In the wake of Thursday night's game, even in a loss, five words tumbled out of media and teammates and Twitter: Jacob Trouba is a special player.
The Jets believed this when they drafted him, even with flashier forwards on the board. University of Michigan fans believed it when they saw him cannonballing his way through his area of the NCAA, and then everyone believed at World Juniors at the turn of the year. He was magnificent there, even though he was a year younger than most defencemen in the tournament, and a generous part of Team USA's gold medal was won through his play.
Now Trouba stands in the final stretch of his first NHL training camp, looking for all the world like he belongs. On Thursday night against the visiting Bruins, he notched an assist, crushed Patrice Bergeron and skated like a song. Most remarkable: he didn't look like a teen at the most intense crossroads of his young career. He looked in control of what he was doing out there, and afterwards he said he was just having fun.
"Just his poise with the puck," Jets defence coach Charlie Huddy said of the kid, the morning after that first Bruins game. "The way he handles the puck, and holds onto it, and makes the right plays, but doesn't hold onto it too long and get into trouble with it. Just his d-zone coverage I think, for a young kid... the game's a lot quicker, things happen faster, but surprisingly, he's handled it well."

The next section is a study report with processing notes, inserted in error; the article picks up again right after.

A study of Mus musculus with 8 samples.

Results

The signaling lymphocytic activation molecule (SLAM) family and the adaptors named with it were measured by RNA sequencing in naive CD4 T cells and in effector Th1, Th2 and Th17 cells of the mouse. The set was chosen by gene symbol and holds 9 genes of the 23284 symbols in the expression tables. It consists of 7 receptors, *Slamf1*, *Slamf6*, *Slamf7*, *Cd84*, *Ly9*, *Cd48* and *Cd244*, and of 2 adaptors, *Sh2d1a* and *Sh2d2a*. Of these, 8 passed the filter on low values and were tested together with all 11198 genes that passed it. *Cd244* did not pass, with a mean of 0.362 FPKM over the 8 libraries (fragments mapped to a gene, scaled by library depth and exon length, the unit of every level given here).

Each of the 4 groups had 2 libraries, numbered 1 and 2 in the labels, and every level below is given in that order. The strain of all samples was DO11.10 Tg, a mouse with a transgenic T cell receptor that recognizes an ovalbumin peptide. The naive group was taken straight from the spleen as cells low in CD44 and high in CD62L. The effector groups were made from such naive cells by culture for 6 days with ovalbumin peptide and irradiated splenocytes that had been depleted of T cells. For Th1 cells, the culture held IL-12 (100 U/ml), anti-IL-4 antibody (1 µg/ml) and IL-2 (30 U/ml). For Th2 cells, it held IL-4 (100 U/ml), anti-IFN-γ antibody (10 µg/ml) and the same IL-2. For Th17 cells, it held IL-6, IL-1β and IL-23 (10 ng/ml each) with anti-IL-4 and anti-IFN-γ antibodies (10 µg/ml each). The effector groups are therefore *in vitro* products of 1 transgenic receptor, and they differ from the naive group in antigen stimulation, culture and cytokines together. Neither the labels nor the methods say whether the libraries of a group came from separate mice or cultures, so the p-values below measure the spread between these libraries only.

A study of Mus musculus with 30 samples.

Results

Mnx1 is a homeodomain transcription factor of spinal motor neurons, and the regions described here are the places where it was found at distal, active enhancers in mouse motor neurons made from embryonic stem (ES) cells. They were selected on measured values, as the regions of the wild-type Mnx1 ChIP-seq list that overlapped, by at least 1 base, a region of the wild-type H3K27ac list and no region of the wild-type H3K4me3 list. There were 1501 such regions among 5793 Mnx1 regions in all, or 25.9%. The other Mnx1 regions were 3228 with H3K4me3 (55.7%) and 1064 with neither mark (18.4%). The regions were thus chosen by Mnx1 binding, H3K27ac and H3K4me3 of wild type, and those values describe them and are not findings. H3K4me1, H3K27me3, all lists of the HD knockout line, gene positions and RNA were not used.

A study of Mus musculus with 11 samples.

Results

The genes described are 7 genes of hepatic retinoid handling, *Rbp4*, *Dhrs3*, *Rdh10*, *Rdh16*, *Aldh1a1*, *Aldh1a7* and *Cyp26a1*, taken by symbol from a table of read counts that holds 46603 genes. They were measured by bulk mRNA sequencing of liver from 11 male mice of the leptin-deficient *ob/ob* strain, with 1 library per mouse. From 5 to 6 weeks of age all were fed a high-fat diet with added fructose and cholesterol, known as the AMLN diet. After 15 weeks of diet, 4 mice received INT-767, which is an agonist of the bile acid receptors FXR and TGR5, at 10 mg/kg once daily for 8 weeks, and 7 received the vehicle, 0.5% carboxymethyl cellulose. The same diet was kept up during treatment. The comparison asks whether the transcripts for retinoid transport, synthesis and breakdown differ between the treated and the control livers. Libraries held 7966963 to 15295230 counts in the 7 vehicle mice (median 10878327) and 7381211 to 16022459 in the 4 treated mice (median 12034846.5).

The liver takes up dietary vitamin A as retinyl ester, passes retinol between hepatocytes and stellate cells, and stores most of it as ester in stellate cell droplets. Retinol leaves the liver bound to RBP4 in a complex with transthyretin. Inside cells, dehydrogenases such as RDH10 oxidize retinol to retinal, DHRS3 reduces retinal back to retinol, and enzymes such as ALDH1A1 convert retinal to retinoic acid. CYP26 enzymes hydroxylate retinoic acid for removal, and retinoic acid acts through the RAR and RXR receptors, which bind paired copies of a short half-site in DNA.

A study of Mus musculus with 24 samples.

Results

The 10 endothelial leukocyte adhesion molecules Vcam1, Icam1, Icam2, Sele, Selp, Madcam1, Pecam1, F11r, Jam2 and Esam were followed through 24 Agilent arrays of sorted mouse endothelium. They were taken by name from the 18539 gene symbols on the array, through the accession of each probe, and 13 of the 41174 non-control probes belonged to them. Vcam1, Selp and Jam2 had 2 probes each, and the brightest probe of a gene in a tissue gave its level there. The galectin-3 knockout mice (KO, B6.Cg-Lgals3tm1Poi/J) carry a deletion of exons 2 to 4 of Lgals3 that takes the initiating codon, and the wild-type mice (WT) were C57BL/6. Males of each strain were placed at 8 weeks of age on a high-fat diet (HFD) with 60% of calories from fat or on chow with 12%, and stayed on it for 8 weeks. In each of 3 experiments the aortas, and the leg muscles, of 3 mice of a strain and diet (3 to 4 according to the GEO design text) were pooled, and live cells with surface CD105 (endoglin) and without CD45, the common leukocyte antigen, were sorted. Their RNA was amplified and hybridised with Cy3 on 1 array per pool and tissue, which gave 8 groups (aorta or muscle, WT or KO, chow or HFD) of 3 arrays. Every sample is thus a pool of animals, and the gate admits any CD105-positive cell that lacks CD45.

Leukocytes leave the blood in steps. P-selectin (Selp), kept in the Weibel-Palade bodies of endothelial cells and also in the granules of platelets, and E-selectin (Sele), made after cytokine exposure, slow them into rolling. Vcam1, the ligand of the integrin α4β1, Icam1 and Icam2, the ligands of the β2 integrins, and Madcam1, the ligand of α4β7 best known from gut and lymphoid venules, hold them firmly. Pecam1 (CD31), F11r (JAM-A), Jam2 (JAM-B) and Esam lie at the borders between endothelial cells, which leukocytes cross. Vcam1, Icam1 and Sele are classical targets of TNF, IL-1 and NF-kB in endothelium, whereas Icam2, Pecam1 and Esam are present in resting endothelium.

If Trouba stays up -- and by all indications, he will -- things won't always be so smooth. He's only 19, Huddy agreed, he will make some mistakes, and he'll make them under the ravenous eyes of a Canadian hockey crowd. The Jets know the potential they have on their hands, and now they must surround him with the support to keep him on a level, and bring him up right.
"You're under the microscope every time you step out onto that ice," Huddy said. "But from the time I've known him, I think he's a pretty level-headed kid. I don't think he's going to have any problems handling it. Is he going to feel it? I'm sure... but he can't worry about all the outside stuff. He's got one job to do, and we'll help him along with that."
So in the Jets dressing room, Trouba hangs up his gear now just to Mark Stuart's right, the same way they raced through the game Thursday night, and that's exactly where coaches want him to be. Stuart, 29, is in his ninth pro season now. He's earned his scars, and comes to work with the sort of guts-and-grindstone approach that keeps a guy in this league.
"It's kind of my job to just help him out," Stuart said on Thursday.
"For him, my advice is just to take it all in, really. Just play his game. I think if you try to prove too much right away, it's not healthy for a young kid. He wouldn't be in the position he's in if he didn't have the talent. So for him to just keep doing what he's doing, and the job of a veteran guy is just communicate as much as possible."
Then there is Huddy, who Jets defencemen describe as a "calming" influence and who, with his soft-spoken approach can seem kind of zen. Huddy can't remember himself ever playing with a blue-liner quite like Trouba, not quite that mix of size and all-around strengths and unbridled glee at taking the body. It's exciting to see, Huddy agreed, and he isn't too worried about how his youngest charge will adapt when the challenge ramps up.
"We all know once the regular season picks up, the intensity picks up," Huddy said. "But I don't see that being a problem for him."